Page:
History shows that the best thing a country can do to get out of dire financial straits is to make structural reforms.
But it can take years – long, difficult years – for the country that's attempting reform, and the politicians responsible have a funny way of not getting re-elected.
So many countries opt for the "currency war" method, artificially debasing their currencies. It works fast, it's politically expedient, and improved exports mask inflation in other sectors of the economy.
Now we have proof from the International Monetary Fund, which is meeting in Peru right now, of why countries are using this method more often today. The IMF has released a strategically timed report that confirms currency devaluation is effective at boosting a nation's GDP.
Currency wars don't really help in the long run, of course. Debt weighs even more heavily, and the piper must always be paid. But these bouts of manipulation can create huge opportunities for savvy investors…
"Cheap Growth" Is Irresistible
According to the Washington-based IMF, the world's lender of last resort, currency manipulation since the financial crisis has been "unusually large."
Norway is a great example. It's facing unemployment at 11-year highs.
The country, which isn't a member of the European Union (EU), has been hit especially hard over the past few years. That's thanks to its dependence on oil and natural gas, which account for a whopping 67% of exports and 22% of GDP.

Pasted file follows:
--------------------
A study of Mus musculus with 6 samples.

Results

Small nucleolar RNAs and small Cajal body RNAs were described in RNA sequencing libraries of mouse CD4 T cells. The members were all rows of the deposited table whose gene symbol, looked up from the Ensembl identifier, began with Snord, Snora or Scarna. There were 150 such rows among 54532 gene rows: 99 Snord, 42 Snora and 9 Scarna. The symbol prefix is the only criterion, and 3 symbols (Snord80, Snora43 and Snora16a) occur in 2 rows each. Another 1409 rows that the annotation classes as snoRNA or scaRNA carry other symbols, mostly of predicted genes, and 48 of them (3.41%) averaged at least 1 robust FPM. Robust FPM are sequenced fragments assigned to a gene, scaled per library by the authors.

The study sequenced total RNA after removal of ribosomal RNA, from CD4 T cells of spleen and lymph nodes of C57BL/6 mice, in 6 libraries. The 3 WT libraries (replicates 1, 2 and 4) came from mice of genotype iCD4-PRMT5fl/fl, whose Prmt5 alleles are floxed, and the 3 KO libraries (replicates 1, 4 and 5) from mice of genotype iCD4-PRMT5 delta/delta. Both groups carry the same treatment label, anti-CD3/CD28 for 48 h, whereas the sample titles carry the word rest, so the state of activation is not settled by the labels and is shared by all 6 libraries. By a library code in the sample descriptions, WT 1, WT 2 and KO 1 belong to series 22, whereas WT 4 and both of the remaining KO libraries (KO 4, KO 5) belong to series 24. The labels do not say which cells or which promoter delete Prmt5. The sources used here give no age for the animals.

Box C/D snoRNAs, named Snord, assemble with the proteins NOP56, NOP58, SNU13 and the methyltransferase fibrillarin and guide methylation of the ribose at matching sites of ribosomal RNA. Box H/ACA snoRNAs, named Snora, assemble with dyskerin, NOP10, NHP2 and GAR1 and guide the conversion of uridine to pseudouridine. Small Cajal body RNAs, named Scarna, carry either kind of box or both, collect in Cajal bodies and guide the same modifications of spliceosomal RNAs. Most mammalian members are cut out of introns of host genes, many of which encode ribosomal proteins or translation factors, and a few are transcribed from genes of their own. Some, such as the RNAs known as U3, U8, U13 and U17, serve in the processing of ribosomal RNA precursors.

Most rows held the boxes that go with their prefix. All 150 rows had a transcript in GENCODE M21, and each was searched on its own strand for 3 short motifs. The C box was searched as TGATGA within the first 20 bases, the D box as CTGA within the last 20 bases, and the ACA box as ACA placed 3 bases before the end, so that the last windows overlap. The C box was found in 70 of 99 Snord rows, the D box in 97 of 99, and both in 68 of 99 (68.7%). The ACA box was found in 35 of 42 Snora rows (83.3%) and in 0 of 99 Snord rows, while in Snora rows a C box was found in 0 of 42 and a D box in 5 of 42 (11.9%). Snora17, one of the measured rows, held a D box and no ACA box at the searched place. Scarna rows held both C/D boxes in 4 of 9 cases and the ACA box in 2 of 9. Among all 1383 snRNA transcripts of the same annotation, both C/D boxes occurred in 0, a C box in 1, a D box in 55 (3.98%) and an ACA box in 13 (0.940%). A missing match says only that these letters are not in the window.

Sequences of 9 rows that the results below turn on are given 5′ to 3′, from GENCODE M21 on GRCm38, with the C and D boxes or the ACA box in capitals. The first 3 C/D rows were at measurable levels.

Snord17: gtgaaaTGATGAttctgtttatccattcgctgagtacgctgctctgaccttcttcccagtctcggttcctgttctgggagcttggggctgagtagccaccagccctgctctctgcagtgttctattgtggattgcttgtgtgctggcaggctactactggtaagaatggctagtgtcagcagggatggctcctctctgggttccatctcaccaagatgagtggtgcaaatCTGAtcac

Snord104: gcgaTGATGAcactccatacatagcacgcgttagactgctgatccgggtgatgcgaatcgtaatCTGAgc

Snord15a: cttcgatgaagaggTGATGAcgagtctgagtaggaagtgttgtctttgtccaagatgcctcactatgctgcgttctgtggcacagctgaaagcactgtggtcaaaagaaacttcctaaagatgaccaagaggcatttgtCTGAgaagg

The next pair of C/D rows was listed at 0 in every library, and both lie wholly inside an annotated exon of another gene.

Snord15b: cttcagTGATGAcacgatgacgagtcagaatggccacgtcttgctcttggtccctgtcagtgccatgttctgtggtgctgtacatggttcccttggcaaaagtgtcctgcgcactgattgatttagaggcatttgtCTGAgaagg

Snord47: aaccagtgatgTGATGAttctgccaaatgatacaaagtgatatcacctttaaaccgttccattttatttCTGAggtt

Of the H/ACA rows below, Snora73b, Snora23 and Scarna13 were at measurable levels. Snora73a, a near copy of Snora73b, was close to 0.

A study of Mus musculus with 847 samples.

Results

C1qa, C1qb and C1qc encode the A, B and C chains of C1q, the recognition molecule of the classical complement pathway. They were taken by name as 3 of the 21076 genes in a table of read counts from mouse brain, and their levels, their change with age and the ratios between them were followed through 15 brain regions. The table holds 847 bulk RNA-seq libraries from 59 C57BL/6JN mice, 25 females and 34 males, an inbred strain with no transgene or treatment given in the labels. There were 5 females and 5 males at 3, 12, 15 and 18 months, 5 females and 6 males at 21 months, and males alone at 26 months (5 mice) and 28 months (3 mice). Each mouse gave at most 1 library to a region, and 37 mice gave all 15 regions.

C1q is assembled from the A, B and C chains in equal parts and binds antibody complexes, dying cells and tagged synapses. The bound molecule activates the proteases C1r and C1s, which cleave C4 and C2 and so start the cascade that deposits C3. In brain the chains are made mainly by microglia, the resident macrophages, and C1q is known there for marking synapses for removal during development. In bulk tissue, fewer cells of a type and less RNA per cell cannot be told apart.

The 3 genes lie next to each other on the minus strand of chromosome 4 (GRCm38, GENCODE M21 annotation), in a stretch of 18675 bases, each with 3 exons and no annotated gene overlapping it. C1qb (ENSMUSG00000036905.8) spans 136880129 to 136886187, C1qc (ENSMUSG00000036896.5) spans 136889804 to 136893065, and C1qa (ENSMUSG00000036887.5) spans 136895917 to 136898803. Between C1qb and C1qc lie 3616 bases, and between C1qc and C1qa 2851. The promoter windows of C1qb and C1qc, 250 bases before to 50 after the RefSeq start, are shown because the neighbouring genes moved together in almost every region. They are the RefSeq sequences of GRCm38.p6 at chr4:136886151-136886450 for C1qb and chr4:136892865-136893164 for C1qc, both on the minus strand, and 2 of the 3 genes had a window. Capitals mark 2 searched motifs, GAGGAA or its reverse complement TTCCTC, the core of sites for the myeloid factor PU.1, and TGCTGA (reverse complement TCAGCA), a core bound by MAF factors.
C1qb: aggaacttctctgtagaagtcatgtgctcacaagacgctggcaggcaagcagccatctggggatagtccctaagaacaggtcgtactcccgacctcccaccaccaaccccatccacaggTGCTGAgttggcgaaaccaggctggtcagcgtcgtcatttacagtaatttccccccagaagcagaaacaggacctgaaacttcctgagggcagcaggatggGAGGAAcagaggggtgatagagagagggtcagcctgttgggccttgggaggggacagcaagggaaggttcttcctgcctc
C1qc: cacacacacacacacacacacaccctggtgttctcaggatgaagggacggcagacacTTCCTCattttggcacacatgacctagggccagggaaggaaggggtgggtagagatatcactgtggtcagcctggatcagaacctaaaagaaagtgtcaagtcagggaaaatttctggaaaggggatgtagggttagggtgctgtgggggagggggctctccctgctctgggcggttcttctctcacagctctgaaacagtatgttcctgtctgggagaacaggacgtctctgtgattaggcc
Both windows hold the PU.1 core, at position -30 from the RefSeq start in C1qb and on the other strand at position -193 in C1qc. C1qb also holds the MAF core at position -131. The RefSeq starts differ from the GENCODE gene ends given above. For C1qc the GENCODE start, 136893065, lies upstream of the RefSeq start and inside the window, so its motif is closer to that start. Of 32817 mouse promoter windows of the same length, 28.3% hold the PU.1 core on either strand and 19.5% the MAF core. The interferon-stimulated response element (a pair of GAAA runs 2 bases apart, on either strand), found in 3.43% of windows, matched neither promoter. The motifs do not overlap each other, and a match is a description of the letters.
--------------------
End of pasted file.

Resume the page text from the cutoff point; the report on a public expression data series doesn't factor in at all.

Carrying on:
Meanwhile, its currency, the krone, has lost 21% in the last year. In September, the Norges Bank unexpectedly cut interest rates for the second time this year – the third time in the past 10 months – and economists are forecasting even more rate cuts to come.
Manipulation fever is catching in Norway's European neighborhood. Germany has just reported that its annual inflation turned negative in September, falling by 0.2%. That was the first fall in eight months, and the plunge has raised the specter of below-zero rates in the Eurozone. That could in turn spur the European Central Bank (ECB) into even more quantitative easing (QE) on top of its current €1 trillion ($1.12 trillion) bond buying.
Now the sort of bandwagon effect that can make currency wars seem absolutely contagious is in full swing.
The emerging markets are beginning to look at the kind of manipulation that the EU, United States, and Japan have pulled off.
And, long-term consequences aside, they like what they see.
More Countries Join the Race to the Bottom
Malaysian Prime Minister Najib Razak, who, thanks to a Malaysian constitutional quirk, is also Finance Minister, announced a few weeks ago that his government would be injecting $4.6 billion into the state investment fund to help shore up its foundering stock market.
The oil-exporting nation is hurting thanks to weak oil prices. That dented its currency, the ringgit, which has seen 26% of its value sliced off versus the U.S. dollar in the past year. We can expect it to slide even more as the government moves to make its exports more attractive.
For its part, India has just lowered key interest rates by 50 basis points (more than was expected) as it struggles with slowing economic growth. It's the country's fourth cut year to date.
About the Author
Peter Krauth is the Resource Specialist for Money Map Press and has contributed some of the most popular and highly regarded investing articles on Money Morning. Peter is headquartered in resource-rich Canada, but he travels around the world to dig up the very best profit opportunity, whether it's in gold, silver, oil, coal, or even potash.